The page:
8. Researchers Improve Hydrogen Separation in Coal Gasification
To produce high purity hydrogen fuel from coal, hydrogen gas has to be extracted from synthesis gas (syngas), a product of coal gasification. Using gas separation membranes is one way to achieve this goal. Although a variety of hydrogen separation membrane materials exist today, none of them are shown to be suitable for employment in contaminant-laden syngas at elevated temperatures.
Surface poisoning and corrosion are shown to be the most significant degradation mechanisms acting on the hydrogen membrane materials at elevated temperatures in synthesis gas derived from coal. Among other metallic dense membrane materials, copper-palladium alloys have demonstrated promise for being resistant against these degradation mechanisms.
NETL materials researchers discovered that the addition of magnesium extends the elevated-temperature structural stability of materials showing promise for separating hydrogen from coal-derived syngas. The copper-palladium-magnesium formulation maintains its more open body-centered cubic crystal structure, which is associated with high hydrogen flux, at significantly higher temperature than copper-palladium alloys.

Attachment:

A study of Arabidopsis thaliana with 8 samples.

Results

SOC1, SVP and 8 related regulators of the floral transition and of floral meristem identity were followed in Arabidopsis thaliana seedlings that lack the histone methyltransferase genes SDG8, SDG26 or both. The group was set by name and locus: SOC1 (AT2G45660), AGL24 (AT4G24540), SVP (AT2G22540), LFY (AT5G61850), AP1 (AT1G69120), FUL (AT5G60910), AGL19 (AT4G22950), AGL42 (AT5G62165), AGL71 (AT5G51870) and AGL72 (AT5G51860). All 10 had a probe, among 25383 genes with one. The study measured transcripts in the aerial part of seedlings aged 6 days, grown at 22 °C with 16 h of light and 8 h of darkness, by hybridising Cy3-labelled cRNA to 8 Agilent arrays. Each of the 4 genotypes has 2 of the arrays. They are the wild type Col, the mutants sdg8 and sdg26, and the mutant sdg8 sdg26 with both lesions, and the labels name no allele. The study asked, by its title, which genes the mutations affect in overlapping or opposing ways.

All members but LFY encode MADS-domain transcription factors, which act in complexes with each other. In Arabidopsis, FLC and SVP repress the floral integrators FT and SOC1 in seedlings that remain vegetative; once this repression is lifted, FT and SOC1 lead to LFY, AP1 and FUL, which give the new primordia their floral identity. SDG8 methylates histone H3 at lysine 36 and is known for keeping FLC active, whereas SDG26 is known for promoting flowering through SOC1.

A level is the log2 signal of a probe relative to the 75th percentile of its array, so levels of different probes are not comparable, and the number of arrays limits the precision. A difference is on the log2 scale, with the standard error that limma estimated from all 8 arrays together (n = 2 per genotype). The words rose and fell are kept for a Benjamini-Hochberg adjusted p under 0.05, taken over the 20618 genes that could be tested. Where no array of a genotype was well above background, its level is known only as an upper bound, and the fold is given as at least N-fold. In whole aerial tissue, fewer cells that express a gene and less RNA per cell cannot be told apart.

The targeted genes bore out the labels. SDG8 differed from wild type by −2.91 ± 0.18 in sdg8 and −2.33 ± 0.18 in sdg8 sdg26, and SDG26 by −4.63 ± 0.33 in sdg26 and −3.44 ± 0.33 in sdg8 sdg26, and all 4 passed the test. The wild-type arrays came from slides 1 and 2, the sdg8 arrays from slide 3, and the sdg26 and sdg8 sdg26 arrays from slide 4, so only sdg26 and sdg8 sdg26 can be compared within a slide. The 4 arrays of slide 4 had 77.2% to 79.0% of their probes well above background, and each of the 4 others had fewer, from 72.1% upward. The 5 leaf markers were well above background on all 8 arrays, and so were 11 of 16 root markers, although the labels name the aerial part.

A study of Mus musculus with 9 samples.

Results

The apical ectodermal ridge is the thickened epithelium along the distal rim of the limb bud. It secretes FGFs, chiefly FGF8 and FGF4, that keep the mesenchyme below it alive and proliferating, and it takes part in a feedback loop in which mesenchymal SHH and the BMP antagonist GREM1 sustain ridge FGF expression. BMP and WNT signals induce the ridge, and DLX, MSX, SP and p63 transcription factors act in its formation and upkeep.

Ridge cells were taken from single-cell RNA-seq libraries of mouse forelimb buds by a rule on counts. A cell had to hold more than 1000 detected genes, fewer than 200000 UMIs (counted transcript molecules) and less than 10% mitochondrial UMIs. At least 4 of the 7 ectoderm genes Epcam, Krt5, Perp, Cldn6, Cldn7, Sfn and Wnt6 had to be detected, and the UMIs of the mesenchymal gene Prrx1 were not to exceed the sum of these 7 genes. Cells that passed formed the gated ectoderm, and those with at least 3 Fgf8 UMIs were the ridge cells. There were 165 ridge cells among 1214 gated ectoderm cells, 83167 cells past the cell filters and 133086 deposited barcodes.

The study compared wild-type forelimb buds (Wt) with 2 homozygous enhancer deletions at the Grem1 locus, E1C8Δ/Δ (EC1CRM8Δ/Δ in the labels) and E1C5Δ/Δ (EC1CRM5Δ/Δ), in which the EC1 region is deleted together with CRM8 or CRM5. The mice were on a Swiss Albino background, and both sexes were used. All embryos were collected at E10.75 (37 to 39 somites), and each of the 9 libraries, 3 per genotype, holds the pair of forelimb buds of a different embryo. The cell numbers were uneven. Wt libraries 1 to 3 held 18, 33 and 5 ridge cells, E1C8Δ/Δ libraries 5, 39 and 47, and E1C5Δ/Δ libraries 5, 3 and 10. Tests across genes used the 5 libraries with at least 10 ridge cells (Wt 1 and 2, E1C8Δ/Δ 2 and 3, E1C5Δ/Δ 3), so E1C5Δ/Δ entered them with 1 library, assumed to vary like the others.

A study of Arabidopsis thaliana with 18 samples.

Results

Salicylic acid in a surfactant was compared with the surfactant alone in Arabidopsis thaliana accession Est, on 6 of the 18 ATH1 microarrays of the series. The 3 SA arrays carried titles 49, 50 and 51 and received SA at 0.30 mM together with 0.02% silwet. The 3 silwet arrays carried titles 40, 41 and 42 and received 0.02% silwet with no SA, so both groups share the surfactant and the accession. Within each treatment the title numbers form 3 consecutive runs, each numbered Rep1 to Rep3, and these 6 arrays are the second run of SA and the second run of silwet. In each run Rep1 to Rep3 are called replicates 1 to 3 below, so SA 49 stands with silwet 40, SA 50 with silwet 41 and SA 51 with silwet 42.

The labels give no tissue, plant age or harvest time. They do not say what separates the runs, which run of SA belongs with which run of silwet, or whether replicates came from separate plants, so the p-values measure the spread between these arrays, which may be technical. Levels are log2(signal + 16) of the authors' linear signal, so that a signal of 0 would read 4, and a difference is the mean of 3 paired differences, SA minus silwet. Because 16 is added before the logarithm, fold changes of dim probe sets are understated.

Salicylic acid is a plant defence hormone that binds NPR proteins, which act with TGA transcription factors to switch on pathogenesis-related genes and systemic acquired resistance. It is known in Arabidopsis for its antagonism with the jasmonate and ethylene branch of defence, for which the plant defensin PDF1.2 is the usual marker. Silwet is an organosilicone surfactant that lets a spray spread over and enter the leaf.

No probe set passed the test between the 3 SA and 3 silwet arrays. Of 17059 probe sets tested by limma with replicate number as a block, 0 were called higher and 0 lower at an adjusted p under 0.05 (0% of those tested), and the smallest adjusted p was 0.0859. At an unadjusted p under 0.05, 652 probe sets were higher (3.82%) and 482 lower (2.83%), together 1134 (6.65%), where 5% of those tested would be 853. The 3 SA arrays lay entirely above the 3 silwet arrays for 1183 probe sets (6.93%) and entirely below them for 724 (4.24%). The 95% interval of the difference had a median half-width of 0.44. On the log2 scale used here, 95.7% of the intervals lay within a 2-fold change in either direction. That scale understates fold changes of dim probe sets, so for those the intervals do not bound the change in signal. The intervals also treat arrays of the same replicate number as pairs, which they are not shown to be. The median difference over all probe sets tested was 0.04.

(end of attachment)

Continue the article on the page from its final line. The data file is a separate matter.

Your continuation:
The researchers predicted magnesium would have this stabilizing potential from first principles density functional theory calculations. A microstructural characterization of the newly developed hydrogen separation membrane alloy has been published in Elsevier’s Journal of Alloys and Compounds, Vol. 528 (2012), pp. 10-15.
This research was performed in support of NETL’s Fuels Program of the Strategic Center for Coal.